Study of Ritalin, Adderall, and Concerta Shows No Chromosomal Damage
WebMD Health News
Reviewed by Louise Chang, MD

Nov. 19, 2008 -- Ritalin, Adderall, and Concerta do not appear to cause genetic damage in children who take them for attention deficit hyperactivity disorder (ADHD), a new government-funded study concludes.

The findings should reassure parents concerned that the stimulant drugs used to treat ADHD may be linked to an increased risk of cancer.

Those concerns were raised by a 2005 study showing evidence of drug-related chromosomal damage in 12 out of 12 children with ADHD taking Ritalin.

The new study, conducted by researchers from the National Institutes of Health and Duke University Medical Center, shared a similar design with the earlier trial.

But it was larger and also included children taking Adderall and Concerta.

"We saw no [chromosomal] effect associated with medication in any of our treatment groups," genetic toxicologist and researcher Kristine L. Witt, MS, tells WebMD. "These findings were extremely reassuring."

ADHD Drugs and Cancer

Millions of children take either methylphenidate-based stimulants, like Ritalin and Concerta, or the mixed amphetamine stimulant Adderall for the treatment of ADHD symptoms.

Approved in 1955, Ritalin is the oldest and most widely studied ADHD drug. Adderall and Concerta have been sold in the U.S. for about a decade.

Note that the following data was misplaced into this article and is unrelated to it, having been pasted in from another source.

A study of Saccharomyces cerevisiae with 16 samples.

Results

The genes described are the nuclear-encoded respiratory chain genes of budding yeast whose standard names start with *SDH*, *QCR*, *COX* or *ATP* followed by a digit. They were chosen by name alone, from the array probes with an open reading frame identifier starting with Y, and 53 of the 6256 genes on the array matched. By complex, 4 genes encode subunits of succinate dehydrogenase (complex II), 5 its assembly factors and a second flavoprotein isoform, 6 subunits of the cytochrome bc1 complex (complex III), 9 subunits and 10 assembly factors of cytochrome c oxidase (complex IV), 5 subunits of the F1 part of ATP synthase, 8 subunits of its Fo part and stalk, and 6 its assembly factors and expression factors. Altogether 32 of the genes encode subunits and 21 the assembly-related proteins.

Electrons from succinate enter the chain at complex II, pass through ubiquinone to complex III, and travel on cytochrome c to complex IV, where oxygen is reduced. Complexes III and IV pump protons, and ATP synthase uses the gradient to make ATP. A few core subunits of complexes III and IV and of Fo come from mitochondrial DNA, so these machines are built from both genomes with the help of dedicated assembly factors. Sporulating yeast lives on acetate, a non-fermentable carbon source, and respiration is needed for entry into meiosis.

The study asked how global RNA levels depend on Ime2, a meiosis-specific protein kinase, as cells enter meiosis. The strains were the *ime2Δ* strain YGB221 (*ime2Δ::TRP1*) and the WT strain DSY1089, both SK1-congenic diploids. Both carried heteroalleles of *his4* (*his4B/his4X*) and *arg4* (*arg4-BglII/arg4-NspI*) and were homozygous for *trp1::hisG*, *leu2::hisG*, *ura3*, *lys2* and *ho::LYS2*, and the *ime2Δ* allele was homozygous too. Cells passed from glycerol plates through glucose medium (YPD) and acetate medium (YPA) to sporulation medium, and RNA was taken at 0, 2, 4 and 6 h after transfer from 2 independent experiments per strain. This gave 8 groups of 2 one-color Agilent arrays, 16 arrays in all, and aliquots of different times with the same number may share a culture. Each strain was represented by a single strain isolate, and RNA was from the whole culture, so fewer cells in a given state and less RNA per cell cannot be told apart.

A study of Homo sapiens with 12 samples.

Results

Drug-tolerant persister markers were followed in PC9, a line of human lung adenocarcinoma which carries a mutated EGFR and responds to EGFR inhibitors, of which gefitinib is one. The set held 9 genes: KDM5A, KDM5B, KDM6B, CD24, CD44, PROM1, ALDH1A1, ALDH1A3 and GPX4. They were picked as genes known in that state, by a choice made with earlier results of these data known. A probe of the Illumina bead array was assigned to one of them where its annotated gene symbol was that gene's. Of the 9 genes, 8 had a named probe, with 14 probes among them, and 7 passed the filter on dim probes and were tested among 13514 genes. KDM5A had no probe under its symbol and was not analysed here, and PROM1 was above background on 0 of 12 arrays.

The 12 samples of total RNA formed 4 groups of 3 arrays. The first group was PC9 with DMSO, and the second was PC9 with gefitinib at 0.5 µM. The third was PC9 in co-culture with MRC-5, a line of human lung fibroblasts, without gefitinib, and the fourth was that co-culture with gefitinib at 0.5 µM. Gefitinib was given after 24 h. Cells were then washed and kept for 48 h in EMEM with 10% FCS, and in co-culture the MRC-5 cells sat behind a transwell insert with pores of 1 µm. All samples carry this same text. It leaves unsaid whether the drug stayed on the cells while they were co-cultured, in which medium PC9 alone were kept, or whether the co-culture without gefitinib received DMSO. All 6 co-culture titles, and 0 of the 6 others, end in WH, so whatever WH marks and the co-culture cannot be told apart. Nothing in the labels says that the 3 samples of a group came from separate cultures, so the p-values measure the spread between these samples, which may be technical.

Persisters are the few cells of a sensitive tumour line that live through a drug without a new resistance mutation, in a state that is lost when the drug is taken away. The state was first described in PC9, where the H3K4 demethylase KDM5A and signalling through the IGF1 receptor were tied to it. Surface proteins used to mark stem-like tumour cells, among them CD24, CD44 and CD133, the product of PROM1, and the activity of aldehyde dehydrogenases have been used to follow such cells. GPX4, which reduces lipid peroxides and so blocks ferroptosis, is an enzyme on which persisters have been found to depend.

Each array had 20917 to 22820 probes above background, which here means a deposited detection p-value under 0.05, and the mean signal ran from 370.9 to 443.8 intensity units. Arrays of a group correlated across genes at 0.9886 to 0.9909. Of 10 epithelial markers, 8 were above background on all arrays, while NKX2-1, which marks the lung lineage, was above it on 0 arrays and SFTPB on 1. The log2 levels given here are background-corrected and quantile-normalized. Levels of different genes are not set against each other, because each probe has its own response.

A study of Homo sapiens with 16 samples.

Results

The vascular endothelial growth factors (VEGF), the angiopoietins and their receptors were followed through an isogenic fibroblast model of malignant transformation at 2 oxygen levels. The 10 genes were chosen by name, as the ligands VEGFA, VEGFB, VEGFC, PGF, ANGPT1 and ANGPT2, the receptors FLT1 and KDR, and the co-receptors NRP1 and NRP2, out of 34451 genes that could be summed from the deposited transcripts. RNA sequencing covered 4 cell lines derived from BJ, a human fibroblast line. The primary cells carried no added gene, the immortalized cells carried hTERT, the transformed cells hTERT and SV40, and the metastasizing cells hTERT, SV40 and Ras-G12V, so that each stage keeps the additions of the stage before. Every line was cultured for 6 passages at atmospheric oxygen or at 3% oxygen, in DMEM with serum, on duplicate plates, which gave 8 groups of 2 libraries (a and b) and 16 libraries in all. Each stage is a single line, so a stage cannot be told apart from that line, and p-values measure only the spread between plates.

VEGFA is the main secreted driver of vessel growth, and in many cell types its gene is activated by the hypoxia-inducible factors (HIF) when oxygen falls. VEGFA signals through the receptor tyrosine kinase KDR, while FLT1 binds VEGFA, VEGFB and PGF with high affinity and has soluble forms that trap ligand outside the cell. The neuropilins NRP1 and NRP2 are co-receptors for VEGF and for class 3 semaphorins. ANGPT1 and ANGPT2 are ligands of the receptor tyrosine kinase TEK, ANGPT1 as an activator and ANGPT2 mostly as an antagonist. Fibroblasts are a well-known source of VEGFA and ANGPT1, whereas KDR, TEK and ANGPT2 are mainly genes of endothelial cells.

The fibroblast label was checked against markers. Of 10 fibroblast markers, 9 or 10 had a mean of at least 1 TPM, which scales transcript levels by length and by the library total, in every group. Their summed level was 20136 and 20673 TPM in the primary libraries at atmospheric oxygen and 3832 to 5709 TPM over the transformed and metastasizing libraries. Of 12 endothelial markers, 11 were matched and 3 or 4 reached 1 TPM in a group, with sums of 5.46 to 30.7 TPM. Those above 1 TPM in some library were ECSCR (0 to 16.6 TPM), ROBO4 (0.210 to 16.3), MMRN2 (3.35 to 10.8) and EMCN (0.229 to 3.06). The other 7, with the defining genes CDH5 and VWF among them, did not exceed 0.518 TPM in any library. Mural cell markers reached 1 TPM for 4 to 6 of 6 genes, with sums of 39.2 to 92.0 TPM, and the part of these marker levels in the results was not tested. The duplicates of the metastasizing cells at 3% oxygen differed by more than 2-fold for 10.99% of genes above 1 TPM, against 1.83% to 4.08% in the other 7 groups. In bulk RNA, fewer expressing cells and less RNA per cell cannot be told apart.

While a few animal studies have linked Ritalin use to tumor growth, the 2005 pilot study was the first human study to link Ritalin use to chromosomal damage that could promote cancer.

Subsequent studies examining the proposed link have not supported these findings.

In the current study, 47 children with ADHD between the ages of 6 and 12 took either Ritalin LA, Adderall, Adderall XR, or Concerta for three months.

Blood samples taken prior to starting the drugs and at the end of three months of treatment were assessed for chromosomal breaks, chromosome fragments suggestive of breaks, and exchanges of genetic material between pairs of identical chromosomes.

These three standard measures of chromosomal damage were the endpoints examined in the 2005 study.

But the outcomes in the two trials were very different.

"We did not see any significant treatment-related increases in any of these endpoints," Donald R. Mattison, MD, of the National Institute of Child Health and Human Development, says in a news release. "These results add to a growing body of evidence that therapeutic levels of these medications do not damage chromosomes."